Circle unveiled itself at a bitcoin conference in 2014, vowing to take the digital currency mainstream. But like so many other startups that embraced this big idea at around the same time, its mission has changed.
In January, I met Circle CEO Jeremy Allaire for coffee in San Francisco. Even then, he was careful to paint his company not as a bitcoin operation but as an outfit that would help people easily trade good old-fashioned dollars with friends and family via a new smartphone app. And now, as it announced yesterday, Circle will no longer allow customers to buy and sell bitcoin.
Allaire says that Circle, a marquee startup backed by Goldman Sachs, never really saw bitcoin as a consumer technology. “When we founded this company three years ago, the vision was never to build a bitcoin company,” he says, comparing bitcoin to internet protocols like http or smtp. In other words, the company saw bitcoin as a behind-the-scenes technology, not as a mainstream digital currency that the average person would use to pay for goods online or in a physical store.
Well, all these years later, bitcoin is certainly not a mainstream digital currency. And Circle’s decision to stop operating as a bitcoin exchange is just the latest sign that it won’t become one anytime soon.
Despite big promises from early adopters, bitcoin is still plagued by tax and regulatory issues. And the bitcoin community is still fighting over its core technology—a fracas that could significantly hamper bitcoin’s ability to expand in the near future.
As it backs out of services that let people buy and sell bitcoin, Circle is pointing these customers to another exchange, San Francisco-based Coinbase. But Coinbase is also moving away from services for consumers. It’s now focusing on running a new exchange where large institutions, not individuals, can move bitcoin. And as far back as February, Coinbase said it didn’t really want to operate as a bitcoin wallet, meaning it didn’t really want to provide a way for individuals to hold the digital currency and actually buy stuff with it.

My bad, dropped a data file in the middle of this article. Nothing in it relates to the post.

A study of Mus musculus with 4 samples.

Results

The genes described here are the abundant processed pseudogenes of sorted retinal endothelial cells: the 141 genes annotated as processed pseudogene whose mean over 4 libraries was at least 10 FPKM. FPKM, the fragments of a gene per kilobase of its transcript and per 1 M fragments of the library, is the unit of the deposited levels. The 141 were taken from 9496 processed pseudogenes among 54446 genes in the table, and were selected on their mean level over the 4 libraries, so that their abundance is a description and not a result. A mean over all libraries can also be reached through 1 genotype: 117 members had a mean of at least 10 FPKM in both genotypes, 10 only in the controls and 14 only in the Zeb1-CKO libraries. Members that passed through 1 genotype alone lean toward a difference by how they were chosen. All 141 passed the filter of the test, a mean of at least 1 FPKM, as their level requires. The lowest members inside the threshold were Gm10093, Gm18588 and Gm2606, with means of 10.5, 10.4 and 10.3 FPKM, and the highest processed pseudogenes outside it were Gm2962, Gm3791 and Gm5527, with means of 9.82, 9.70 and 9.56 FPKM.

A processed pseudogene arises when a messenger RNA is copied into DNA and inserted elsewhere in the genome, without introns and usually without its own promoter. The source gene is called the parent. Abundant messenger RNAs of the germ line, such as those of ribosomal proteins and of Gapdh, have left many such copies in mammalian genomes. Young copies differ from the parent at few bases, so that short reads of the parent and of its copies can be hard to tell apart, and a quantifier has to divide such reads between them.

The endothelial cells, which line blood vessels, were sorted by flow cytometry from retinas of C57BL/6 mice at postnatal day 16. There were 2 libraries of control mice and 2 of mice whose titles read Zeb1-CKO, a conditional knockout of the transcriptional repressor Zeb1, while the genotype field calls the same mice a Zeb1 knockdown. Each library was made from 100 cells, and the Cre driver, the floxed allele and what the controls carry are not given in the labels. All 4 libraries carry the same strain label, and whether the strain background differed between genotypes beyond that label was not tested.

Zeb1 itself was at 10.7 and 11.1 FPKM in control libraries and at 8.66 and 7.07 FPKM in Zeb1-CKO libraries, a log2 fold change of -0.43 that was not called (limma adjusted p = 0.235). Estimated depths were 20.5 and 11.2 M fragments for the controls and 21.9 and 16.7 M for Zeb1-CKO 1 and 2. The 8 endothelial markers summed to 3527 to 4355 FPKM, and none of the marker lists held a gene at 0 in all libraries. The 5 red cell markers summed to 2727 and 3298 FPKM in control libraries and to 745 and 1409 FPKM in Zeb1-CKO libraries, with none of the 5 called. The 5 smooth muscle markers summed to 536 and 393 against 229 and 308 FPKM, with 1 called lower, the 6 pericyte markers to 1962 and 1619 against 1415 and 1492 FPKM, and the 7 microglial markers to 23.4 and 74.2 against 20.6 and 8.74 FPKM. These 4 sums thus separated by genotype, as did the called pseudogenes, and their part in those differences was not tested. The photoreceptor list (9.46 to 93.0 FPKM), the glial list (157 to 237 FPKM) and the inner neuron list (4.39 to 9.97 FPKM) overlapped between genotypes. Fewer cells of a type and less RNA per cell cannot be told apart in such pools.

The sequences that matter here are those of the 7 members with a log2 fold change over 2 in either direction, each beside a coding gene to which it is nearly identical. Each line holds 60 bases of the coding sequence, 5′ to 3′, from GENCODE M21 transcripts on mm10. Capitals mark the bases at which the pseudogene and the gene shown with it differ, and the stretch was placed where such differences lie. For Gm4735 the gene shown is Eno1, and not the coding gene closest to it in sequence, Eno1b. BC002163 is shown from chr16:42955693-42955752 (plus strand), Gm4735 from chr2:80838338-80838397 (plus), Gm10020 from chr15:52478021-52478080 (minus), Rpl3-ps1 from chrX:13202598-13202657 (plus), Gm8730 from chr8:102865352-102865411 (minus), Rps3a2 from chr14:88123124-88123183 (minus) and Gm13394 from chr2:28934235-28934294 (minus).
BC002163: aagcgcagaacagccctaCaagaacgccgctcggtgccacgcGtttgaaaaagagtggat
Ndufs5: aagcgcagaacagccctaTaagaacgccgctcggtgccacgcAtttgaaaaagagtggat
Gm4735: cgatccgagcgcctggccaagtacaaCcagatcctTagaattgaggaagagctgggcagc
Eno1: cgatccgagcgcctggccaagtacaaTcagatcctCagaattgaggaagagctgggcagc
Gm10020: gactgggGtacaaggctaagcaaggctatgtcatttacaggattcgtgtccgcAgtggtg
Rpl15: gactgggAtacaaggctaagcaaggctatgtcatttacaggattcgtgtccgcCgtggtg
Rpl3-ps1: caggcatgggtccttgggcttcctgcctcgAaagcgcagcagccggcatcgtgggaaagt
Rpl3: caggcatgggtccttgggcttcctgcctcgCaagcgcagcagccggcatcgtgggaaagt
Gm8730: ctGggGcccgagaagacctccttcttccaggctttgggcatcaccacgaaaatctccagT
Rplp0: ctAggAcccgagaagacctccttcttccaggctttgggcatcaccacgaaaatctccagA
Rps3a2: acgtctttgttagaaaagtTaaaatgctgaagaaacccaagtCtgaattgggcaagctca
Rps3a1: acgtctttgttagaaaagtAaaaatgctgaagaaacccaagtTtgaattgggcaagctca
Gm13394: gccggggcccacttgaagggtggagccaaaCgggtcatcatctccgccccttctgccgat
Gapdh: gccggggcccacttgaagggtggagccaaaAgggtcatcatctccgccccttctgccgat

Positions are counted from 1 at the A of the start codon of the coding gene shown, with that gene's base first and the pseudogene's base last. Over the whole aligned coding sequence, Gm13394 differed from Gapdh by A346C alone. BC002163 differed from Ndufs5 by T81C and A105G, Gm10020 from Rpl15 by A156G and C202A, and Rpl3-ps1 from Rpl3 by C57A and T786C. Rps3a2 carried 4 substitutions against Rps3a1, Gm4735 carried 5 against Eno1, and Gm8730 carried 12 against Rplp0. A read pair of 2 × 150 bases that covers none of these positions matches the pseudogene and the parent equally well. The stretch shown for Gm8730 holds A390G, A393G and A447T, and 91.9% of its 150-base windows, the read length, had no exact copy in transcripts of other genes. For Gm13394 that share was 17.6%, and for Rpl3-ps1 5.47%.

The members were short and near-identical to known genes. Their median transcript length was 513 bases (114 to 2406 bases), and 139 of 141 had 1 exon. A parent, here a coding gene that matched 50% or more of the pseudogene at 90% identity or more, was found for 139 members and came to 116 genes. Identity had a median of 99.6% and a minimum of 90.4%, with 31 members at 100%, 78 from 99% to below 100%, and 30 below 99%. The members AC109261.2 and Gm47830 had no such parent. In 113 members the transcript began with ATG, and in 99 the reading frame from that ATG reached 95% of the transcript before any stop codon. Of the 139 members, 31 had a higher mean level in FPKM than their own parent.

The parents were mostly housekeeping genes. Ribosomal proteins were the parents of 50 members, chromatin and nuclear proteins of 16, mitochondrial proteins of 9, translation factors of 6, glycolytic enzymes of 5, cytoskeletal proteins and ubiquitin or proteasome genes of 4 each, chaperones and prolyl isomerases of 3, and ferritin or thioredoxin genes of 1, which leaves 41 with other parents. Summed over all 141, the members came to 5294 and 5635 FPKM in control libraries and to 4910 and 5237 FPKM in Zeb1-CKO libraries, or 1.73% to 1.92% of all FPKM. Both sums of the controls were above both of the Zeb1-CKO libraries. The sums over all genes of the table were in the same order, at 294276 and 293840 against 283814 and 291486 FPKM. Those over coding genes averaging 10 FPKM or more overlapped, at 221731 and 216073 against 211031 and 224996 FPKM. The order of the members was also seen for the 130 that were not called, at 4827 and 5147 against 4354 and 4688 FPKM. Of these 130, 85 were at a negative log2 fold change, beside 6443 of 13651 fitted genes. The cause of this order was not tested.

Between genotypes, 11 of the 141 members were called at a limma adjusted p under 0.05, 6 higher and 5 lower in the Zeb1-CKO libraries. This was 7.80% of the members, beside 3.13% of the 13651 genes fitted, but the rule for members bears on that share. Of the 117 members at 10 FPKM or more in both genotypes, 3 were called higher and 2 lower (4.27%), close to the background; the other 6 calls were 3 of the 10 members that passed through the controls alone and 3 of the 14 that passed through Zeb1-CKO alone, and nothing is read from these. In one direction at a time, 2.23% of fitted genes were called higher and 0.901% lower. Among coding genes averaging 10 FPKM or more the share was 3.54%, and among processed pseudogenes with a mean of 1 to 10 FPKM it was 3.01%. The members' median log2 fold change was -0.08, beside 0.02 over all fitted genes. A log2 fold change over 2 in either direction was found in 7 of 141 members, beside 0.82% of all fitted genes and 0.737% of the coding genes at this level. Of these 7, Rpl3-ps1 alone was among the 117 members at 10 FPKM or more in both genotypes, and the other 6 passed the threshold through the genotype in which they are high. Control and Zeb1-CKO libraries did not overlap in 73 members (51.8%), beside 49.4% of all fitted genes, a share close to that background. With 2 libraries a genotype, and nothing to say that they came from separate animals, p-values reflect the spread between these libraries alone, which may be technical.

In other words, like Circle, Coinbase is moving away from bitcoin as a digital currency and towards a world where it serves as the underpinning for other financial services. (The company is also facing its own legal headaches: Last week, a federal court ruled that the IRS could serve Coinbase with a summons that seeks information about its user accounts.)
Bitcoin has not become a mainstream currency—and it won’t anytime soon.
Still, as bitcoin’s prospects as a mainstream digital currency fade, Circle and many other companies believe that the blockchain, the distributed online ledger that underpins bitcoin, can serve as the basis for other applications and services. The bitcoin blockchain helps drive Circle Pay, the app that lets you trade dollars with friends and family. And the company just unveiled a new open source project called Spark that seeks to use the blockchain and similar distributed ledgers as a means of moving all sorts of currencies, something so many others are working on. Meanwhile, outfits like the R3 consortium are building new blockchain technology for big banks and other financial operations that can oversee the movement of stocks and potentially anything else that carries value.
That said, many of these efforts are also a long way from really happening. Goldman Sachs and three other institutions just pulled out of R3, and though R3 CEO Charley Cooper plays this down, the truth is that many big players are still unsure how these technologies will play out. The future of bitcoin and the blockchain remains unclear. What is clear is that 2016 is not the year they went mainstream.